By Katelyn Gendron
FAT, which will be headlining the Jam 4 Springfield benefit concert on Nov. 3, was signed to Atlantic Records during the 1980s.
Reminder Publications submitted photo
SPRINGFIELD Ask Peter Newland what he treasures in this world and he'll quickly respond with rock 'n' roll and the city of Springfield.
Newland's admiration for the city and the region that gave birth to his band FAT in 1968, coupled with the devastation caused by the June 1, 2011 tornado prompted him to join with community leaders to host the inaugural Jam 4 Springfield concert to benefit The Open Pantry's emergency food pantry on Nov. 3.
"Sometime during the following week [after the tornado] as I was sitting in my darkened house it occurred to me that as destructive as the tornado was, Springfield has been sitting in the center of a storm of social and cultural decay and diminishing economic opportunity for the better part of two decades and that it didn't make sense to address the short term effects of the natural disaster and ignore the larger problem," Newland explained.
"I love this city. Springfield is where my band FAT was born and where our music matured. The city has embraced me throughout the years in victory and defeat and it is where I make my home today. That night I made a decision to connect my passion for music to my love for the city where I live and to try to make a difference. This is why I have created Jam 4 Springfield," he continued.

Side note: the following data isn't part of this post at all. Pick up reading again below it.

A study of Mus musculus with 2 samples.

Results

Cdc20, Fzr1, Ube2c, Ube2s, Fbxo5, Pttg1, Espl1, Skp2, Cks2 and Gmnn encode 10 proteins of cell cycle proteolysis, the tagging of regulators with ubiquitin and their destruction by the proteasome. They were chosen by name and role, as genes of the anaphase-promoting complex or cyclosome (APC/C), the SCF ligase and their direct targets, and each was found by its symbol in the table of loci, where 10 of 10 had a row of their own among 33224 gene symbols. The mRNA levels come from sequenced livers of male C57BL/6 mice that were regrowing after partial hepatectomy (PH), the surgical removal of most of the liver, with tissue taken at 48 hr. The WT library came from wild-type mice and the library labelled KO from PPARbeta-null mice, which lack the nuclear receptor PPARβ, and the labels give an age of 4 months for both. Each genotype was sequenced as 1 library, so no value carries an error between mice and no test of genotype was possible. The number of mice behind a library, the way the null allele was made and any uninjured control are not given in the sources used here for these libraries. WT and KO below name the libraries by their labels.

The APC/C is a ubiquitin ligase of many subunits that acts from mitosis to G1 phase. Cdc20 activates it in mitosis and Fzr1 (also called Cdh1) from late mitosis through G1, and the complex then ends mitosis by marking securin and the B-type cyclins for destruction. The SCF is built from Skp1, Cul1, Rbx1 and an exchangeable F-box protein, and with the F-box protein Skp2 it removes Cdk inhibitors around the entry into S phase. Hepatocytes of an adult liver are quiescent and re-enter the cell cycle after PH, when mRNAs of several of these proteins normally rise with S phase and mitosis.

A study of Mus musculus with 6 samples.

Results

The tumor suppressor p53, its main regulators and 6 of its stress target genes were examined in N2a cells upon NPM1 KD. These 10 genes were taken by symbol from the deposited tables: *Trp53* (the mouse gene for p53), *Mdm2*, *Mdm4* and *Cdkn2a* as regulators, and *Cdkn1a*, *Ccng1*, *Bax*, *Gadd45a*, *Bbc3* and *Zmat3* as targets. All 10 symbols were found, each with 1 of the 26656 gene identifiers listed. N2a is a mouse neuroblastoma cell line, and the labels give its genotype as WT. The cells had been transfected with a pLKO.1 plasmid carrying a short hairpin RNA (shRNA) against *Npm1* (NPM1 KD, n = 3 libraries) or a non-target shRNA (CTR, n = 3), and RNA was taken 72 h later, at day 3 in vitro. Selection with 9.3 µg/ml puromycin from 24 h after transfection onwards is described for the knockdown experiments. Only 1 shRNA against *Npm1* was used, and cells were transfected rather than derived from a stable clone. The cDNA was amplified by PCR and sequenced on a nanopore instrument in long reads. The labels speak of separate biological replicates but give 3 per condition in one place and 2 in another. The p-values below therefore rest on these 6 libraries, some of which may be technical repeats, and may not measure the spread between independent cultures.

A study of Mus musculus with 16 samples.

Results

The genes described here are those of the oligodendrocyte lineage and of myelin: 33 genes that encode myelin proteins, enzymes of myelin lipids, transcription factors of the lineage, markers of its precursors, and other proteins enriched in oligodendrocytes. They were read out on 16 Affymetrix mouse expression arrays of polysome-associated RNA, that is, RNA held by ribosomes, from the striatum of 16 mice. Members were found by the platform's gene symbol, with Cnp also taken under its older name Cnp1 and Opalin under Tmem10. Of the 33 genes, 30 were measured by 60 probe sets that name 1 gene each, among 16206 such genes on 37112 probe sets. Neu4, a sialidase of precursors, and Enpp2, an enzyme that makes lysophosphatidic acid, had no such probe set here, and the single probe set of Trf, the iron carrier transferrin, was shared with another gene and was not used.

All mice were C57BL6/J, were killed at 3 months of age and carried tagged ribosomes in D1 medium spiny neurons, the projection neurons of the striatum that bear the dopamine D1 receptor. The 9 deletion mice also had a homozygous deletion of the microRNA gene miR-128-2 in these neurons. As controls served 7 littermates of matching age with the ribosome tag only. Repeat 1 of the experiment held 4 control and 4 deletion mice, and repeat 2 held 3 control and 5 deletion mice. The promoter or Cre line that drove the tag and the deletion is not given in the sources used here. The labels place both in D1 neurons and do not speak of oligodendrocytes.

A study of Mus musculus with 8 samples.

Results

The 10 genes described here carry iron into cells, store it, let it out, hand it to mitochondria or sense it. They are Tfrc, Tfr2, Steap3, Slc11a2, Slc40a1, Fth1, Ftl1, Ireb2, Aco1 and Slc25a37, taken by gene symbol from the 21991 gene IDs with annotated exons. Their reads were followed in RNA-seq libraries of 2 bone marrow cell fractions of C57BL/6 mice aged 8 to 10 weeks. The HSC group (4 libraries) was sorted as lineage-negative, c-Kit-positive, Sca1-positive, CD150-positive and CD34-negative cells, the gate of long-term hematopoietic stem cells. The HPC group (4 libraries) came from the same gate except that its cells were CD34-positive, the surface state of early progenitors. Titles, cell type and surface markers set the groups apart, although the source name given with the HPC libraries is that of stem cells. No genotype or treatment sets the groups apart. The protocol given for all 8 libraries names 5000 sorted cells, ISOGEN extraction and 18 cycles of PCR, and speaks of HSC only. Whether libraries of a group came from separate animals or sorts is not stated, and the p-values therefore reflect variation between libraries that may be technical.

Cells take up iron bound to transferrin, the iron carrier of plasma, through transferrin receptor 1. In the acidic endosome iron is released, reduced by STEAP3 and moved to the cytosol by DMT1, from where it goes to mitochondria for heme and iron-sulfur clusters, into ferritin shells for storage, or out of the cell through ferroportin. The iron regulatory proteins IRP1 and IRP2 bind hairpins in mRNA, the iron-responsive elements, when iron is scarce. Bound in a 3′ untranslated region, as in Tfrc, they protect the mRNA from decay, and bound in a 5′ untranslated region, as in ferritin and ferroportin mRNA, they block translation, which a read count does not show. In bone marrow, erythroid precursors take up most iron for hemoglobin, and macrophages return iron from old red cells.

FAT released several works between 1968 and 1985 with multiple labels, including RCA records and Atlantic Records, before calling it quits in 1985. The group reunited in the 1990s to play reunion concerts and benefits, Newland explained.
"I'm 63 now and I decided to put the music and popularity together to help the city of Springfield and to draw attention to the culture and have positive events downtown and generate revenue for Springfield," he said.
Allison Maynard, director of Open Pantry Community Services, called Jam 4 Springfield "a welcomed surprise" at a time when the organization is seeing more people than ever.
"The donations have stayed at the same level but with new people coming it just didn't match up. We saw 31,000 people last year and saw 37,000 people this year," she said. "These types of events are so helpful for us because they help us to get the word out about the needs of community."
Event organizers have not set a fundraising goal for the event, Jam 4 Springfield volunteer Tony Cignoli noted. "Let's just be limitless. Let's just try to raise as much as we can," he added.
Cignoli said the benefit also spawned from the idea that it's not just the homeless or under-served that are struggling today. "We know an awful lot of people who are really struggling in this economy, who are the working poor, and we thought the Open Pantry [would help the] neediest," he added.
Cignoli urged those who can't make it to the event to donate whatever they can to The Open Pantry.
Jam 4 Springfield will rock The Paramount, 1700 Main St., on Nov. 3 at 8 p.m., with performances by FAT, along with The James Montgomery Band and The Spampinato Brothers (of NRBQ).
To order tickets, visit http://jam4springfield.com/purchase-tickets/ or call 877-725-8849.